The measure of a woman's ambition and intelligence is so much more than a standardized test score. For this reason, Mills College will no longer require Scholastic Aptitude Test or American College Testing scores as part of the application criteria for admission. Effective Jan. 1, 2016, students applying for enrollment in the fall of 2016 have the option to submit these test scores, but doing so is not a requirement.

Mills joins nearly 200 other top-tier schools that have made standardized test scores optional, including institutions like Wesleyan University in Connecticut, Wake Forest University in North Carolina and Smith College in Massachusetts. These institutions, and others, have found the best predictor for success in higher education is not a standardized test but a student's high school record, as well as their grade-point average. The truth is some high-potential students with good grades and a history of success in high school just don't test well.

In addition, many students don't have the financial resources for expensive test preparation courses. These students should not be excluded from Mills College on the basis of a low SAT score.

Mills will, however, continue a rigorous examination of all applicants. Do they possess intellectual curiosity? Are they thoughtful? Have they demonstrated leadership skills? Are they creative? Did they get good grades in high school and take difficult classes and succeed in them?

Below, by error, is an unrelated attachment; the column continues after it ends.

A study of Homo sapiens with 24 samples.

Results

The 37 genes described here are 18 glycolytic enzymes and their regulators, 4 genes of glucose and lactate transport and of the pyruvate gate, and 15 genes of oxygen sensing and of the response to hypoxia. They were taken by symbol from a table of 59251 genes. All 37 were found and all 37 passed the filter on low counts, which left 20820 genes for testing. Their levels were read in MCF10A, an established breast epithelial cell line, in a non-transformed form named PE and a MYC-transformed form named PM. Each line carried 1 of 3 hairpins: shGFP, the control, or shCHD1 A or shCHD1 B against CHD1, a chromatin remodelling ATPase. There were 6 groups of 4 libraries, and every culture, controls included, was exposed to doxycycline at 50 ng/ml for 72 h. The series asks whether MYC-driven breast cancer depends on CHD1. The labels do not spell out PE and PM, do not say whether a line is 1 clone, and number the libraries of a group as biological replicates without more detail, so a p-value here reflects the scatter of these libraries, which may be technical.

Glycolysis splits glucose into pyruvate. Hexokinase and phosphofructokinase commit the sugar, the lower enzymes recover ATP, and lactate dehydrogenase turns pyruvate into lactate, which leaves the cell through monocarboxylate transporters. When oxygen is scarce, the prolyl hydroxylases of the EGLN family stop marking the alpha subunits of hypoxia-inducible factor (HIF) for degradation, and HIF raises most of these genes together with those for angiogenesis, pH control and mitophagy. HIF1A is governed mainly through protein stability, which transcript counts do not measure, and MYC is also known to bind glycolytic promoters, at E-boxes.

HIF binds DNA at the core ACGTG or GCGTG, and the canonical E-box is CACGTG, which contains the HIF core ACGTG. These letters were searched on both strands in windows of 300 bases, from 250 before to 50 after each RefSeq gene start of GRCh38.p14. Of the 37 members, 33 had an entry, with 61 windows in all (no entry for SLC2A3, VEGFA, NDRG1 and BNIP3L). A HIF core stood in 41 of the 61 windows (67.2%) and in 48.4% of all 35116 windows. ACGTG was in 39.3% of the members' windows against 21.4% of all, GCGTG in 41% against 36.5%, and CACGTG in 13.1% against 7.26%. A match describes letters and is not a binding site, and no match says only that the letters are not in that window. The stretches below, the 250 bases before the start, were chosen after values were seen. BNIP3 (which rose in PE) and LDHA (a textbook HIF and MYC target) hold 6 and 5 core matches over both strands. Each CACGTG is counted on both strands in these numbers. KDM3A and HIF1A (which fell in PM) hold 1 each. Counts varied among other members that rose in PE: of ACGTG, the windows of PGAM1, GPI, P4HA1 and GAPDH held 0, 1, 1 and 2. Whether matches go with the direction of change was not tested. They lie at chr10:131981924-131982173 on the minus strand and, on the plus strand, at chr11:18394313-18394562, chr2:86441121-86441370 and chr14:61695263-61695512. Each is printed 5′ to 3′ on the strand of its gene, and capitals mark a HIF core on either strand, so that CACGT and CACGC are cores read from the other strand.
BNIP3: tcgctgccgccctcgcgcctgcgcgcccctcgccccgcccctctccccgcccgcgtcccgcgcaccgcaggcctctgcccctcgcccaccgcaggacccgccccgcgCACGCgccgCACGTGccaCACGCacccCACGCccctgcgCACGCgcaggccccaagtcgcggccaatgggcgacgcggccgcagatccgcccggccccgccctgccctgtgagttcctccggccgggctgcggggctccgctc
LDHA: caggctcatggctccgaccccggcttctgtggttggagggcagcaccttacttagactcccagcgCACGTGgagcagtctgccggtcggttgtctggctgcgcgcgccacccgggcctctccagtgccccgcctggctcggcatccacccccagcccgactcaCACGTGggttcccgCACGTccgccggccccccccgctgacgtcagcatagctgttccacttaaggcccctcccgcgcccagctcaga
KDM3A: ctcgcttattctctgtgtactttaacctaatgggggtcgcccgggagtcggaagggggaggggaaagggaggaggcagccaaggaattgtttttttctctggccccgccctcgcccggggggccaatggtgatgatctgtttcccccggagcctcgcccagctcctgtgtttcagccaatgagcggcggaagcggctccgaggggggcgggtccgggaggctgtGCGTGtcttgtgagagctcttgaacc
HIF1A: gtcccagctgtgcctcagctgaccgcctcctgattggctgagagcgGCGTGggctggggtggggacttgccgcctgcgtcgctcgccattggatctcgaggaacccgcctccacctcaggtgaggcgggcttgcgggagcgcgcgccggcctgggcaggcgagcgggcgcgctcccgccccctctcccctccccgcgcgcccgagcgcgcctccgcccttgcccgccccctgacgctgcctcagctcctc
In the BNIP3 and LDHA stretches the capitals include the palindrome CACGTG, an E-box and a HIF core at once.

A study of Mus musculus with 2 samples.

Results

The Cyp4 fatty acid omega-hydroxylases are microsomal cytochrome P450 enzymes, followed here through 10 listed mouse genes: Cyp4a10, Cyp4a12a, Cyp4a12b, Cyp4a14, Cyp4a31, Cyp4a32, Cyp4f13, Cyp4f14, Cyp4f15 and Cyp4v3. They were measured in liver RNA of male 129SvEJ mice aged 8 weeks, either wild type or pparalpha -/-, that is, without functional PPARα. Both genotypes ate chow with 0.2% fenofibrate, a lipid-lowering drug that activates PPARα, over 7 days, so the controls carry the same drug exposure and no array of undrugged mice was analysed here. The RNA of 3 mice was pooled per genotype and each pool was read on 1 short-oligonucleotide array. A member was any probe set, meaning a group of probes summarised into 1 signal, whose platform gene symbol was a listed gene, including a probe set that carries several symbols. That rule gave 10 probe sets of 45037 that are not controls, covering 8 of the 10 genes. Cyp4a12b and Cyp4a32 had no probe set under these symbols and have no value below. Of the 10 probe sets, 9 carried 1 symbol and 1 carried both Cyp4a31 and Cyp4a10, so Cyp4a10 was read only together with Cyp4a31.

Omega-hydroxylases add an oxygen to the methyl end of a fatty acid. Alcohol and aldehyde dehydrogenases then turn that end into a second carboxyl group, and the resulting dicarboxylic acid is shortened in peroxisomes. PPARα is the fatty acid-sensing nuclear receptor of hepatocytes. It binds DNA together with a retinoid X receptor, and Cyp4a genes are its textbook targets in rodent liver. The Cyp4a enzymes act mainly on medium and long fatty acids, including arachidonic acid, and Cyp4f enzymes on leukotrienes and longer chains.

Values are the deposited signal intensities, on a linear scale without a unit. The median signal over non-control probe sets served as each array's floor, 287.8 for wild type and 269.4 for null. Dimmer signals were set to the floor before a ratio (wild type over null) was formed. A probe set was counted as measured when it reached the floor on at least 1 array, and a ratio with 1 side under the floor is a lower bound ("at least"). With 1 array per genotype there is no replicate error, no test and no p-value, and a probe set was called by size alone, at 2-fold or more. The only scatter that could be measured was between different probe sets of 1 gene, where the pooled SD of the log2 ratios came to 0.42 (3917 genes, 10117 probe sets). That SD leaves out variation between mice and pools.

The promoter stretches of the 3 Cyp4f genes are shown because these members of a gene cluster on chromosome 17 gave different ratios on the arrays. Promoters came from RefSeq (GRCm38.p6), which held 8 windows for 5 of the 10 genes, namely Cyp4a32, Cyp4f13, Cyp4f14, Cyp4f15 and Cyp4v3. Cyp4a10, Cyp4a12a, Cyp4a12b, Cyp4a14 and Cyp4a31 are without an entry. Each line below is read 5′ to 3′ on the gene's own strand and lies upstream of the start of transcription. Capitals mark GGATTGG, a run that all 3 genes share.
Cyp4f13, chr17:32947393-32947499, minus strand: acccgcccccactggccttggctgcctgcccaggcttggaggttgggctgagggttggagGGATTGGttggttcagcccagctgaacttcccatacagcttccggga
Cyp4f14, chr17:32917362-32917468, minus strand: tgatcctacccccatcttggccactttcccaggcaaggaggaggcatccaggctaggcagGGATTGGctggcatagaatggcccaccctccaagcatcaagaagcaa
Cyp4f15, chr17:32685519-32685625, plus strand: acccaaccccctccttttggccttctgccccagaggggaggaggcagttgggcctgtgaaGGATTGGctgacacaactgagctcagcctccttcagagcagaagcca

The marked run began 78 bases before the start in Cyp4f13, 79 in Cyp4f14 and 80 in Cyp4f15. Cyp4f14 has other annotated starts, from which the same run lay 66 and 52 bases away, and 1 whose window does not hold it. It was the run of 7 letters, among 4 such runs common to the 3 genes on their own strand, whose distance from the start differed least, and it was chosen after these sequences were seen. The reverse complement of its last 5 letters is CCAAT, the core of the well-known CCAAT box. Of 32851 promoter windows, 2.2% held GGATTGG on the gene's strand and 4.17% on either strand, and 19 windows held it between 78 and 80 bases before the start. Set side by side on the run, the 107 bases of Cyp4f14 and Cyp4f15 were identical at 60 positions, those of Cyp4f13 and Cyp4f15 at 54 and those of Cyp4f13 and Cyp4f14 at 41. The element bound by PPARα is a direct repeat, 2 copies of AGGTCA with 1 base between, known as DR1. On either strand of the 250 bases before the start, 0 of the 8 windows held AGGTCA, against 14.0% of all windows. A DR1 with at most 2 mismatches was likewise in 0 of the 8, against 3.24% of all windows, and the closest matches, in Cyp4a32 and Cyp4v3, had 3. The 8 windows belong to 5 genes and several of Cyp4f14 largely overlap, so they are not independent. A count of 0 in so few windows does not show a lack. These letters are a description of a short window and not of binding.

We hope the move to an SAT and ACT test-optional application process will also bring more racial and socioeconomic diversity to campus. Studies show that socioeconomically disadvantaged high school students and people of color fare worse on standardized tests for a variety of reasons. While Mills is doing a good job enrolling students of color (51 percent of the undergraduate student body in the fall of 2015), we believe we can do better. We don't see the change to a test-optional process as the only answer, but we hope it will bring down one more barrier to higher education.

In addition, Mills will soon sign the Oakland Promise College Pathway Partnership along with 11 other Northern California colleges and universities that are committing to make higher education an attainable goal for every Oakland student. In order to accomplish that goal, we will work together to address challenges that have blocked student success, including issues with placement testing. Signatories will also pledge to increase the percentage of Oakland students who graduate from college within six years of graduating high school.

A 2014 study found students enrolling at test-optional colleges who chose not to submit SAT and ACT scores were more likely to be students of color, students with economic need, or the first in their families to attend college. The study, "Defining Promise: Optional Standardized Testing Policies in American College and University Admissions," looked at 123,000 students nationwide at 33 universities and colleges. It found no statistical differences in either college GPA or graduation rates between students who submitted test scores and those who did not.

Since its founding in 1852, Mills has been committed to providing women with access to education of the highest caliber and to overcoming social barriers that exclude women from educational and career opportunities. Mills College prides itself on its commitment to diversity and inclusivity. It is our hope that the test-optional policy will further this proud legacy.

Alecia DeCoudreaux is president of Mills College.